Crystal ball sees gold for Mikaela Shiffrin
“Mikaela Shiffrin: ‘World’s best alpine skier’ tipped to make medal-winning history”
“Mikaela Shiffrin’s path toward Olympic dominance starts with family.”
“Mikaela Shiffrin: The new face of American skiing?”
Welcome to the world of heightened Olympic expectations in headline form, so, perhaps, it’s time to tap the breaks a bit.
Yes, she’s scheduled to compete in all five alpine events in Pyeongchang, South Korea, but five medals, much less gold, ain’t happening. She has all of seven World Cup downhill starts and eight in super-G. She is a once-in-a-lifetime talent, but you simply don’t win Olympic gold after all of 15 speed starts.
Let’s hold the talk on Olympic dominance. And, yes, she’s been one of the faces of American skiing (Lindsey Vonn, ahem, not to mention Ted Ligety) for the last five years. Welcome to the party.
But here’s an important fact before we just hand Mikaela a whole bunch of Olympic medals — only three skiers in the history have won three golds during one Olympiad.
You knew this, of course, but it’s Austria’s Tony Salier (1956, downhill, giant slalom and slalom), France’s Jean-Claude Killy (1968, same combination) and Croatia’s Janica Kostelic (2002, GS, slalom and combined.)
Only two athletes have four alpine golds during their careers — Kostelic and Norway’s Kjetil Andre Aamodt. Only two American racers have won two Olympic gold medals during their careers.
Ligety — you knew that, of course, with 2006 combined and 2014 GS — and Andrea Mead Lawrence — GS and slalom crowns in 1952. (No one knew that.)
Yes, Shiffrin is in a position to make history, but everyone needs to chill out.
On the other hand
The sky is not falling because Shiffrin has three DNFs in her last four World Cup races. Her DNF in Lenzheide, Switzerland, can be viewed as disconcerting, but she’s been going at a ridiculous pace since late December.
Also, here’s another fun fact. Shiffrin has 57 World Cup slalom starts and six DNFs during her career. Three of her slalom DNFs occurred during her rookie season of 2011-12, when she was 16. She was doubtless grounded for those transgressions.
DNFs in tech events, where Shiffrin is usually money, is probably a side effect of training speed for Cortina, Italy, last month. There’s a reason why few ski in all four base disciplines — five if you count combi. Train for speed and you lose some technical touch and vice versa.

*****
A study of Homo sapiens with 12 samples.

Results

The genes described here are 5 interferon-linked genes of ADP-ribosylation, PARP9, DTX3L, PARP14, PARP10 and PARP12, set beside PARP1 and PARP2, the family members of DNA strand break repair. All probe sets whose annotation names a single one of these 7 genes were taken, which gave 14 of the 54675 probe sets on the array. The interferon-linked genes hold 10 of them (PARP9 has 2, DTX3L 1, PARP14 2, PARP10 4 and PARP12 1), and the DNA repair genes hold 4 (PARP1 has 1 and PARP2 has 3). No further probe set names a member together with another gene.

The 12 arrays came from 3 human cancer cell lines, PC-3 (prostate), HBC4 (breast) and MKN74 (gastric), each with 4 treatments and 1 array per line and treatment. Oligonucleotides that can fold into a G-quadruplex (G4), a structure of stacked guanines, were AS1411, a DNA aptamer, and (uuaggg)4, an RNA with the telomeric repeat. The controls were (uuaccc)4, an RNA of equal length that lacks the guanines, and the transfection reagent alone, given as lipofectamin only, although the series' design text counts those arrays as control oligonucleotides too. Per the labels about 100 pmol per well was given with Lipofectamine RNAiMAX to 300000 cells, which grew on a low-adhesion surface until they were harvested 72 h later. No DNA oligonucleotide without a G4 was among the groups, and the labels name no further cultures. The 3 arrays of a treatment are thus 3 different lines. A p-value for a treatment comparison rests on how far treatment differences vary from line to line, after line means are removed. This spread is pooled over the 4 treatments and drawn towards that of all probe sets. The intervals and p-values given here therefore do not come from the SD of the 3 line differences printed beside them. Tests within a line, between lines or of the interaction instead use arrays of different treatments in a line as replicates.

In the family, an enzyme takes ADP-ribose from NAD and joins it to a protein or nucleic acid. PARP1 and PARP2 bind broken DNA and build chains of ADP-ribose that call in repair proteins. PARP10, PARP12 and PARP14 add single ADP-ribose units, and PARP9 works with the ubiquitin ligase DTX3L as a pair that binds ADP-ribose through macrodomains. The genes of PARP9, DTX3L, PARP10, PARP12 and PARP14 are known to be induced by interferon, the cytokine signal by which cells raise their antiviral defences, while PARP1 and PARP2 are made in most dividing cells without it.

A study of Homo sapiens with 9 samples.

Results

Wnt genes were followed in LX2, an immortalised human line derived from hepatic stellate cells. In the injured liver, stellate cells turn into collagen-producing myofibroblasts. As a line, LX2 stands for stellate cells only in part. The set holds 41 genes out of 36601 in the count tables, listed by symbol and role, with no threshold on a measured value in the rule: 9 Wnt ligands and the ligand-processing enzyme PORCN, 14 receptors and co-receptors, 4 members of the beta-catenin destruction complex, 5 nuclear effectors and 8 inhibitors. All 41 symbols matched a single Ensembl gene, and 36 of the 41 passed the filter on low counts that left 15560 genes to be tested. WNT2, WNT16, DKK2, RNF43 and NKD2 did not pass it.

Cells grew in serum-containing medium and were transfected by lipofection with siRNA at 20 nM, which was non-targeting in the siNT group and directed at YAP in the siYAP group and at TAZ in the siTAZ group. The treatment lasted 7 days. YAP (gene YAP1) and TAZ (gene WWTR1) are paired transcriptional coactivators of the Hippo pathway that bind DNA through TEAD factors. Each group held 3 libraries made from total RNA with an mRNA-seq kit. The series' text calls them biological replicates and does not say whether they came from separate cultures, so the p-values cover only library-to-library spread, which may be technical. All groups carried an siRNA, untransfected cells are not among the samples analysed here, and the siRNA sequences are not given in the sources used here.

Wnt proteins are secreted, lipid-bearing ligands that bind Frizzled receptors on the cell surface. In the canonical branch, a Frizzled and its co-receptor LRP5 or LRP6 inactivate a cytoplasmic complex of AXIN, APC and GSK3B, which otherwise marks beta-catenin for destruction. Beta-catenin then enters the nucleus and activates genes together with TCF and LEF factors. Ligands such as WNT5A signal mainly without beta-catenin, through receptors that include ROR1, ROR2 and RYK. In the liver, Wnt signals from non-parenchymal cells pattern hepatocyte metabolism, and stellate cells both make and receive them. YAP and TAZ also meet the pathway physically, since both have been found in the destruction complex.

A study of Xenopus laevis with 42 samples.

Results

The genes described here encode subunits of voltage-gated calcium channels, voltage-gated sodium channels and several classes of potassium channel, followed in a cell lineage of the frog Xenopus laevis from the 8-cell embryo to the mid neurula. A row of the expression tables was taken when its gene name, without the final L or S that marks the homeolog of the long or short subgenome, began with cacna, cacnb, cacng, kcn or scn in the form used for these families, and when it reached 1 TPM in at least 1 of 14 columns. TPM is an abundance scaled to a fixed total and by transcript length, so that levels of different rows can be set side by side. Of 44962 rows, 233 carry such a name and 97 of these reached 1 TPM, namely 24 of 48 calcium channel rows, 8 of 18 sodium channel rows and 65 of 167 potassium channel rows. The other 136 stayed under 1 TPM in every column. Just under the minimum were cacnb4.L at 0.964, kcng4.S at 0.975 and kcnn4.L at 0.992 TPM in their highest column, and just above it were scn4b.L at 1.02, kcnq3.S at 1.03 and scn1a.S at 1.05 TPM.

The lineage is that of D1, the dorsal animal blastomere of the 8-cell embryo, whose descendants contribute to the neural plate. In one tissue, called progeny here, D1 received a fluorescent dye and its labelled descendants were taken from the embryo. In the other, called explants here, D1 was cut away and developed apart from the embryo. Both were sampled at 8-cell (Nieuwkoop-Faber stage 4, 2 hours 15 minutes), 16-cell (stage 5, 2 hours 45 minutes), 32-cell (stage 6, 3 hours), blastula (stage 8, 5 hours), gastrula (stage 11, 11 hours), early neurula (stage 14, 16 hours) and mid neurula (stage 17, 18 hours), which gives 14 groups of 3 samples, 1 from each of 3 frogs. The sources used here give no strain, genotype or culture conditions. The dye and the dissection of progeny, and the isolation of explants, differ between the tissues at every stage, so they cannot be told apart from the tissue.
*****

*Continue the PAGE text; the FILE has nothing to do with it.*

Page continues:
After Lenzerheide, Team Shiffrin took last week off from Garmisch, Germany, and has doubtless been training tech nonstop, as her Olympics begin with GS on Sunday, Feb. 11.
The one thing we know is that Shiffrin is never over-awed by a big stage. While as fans, we were pacing and biting our nails, the lady was taking a nap between runs of the 2015 FIS Alpine World Ski Championships slalom at Beaver Creek.
So what’s realistic?
The best case is the unlikely Salier-Killy-Kostelic triple gold. For Shiffrin that would be in the GS and slalom races early during the Games, capped by the combined at the end.
Worse case is getting skunked on the medal count.
Neither is likely.
• Giant slalom: Germany’s Viktoria Rebensburg, bronze in the 2014 Olympics, and France’s Tessa Worley, 2017 Worlds GS champ, are the major competition. Shiffrin finished second at the 2017 Worlds and was fifth in the discipline in Sochi, Russia.
We’re calling for a breakthrough with Shiffrin edging Worley and Rebensburg in that order.
• Slalom: Shiffrin defends her Olympic title. This is not a hard call. Switzerland’s Wendy Holdner and Slovakia’s Petra Vlhova take silver and bronze, respectively.
• Combined: This should be Shiffrin’s event as tech racers stay within 1-1.5 seconds and then slap around the speedsters in the slalom.
But the other thing to remember about the combined is that favorites don’t win. There is also a what-the-fudge winner at the Olympics and/or Worlds. Ergo, Norway’s Ragnhild Mowinckel wins, Austria’s Anna Veith (nee Feninger) in silver and Shiffrin third.
Sports Editor Chris Freud can be reached at 970-748-2934, firstname.lastname@example.org and @cfreud.
Rita’s two closest peers have climbed the 8,850-meter (29,035-foot) peak 21 times each, but both of them have retired from mountain climbing.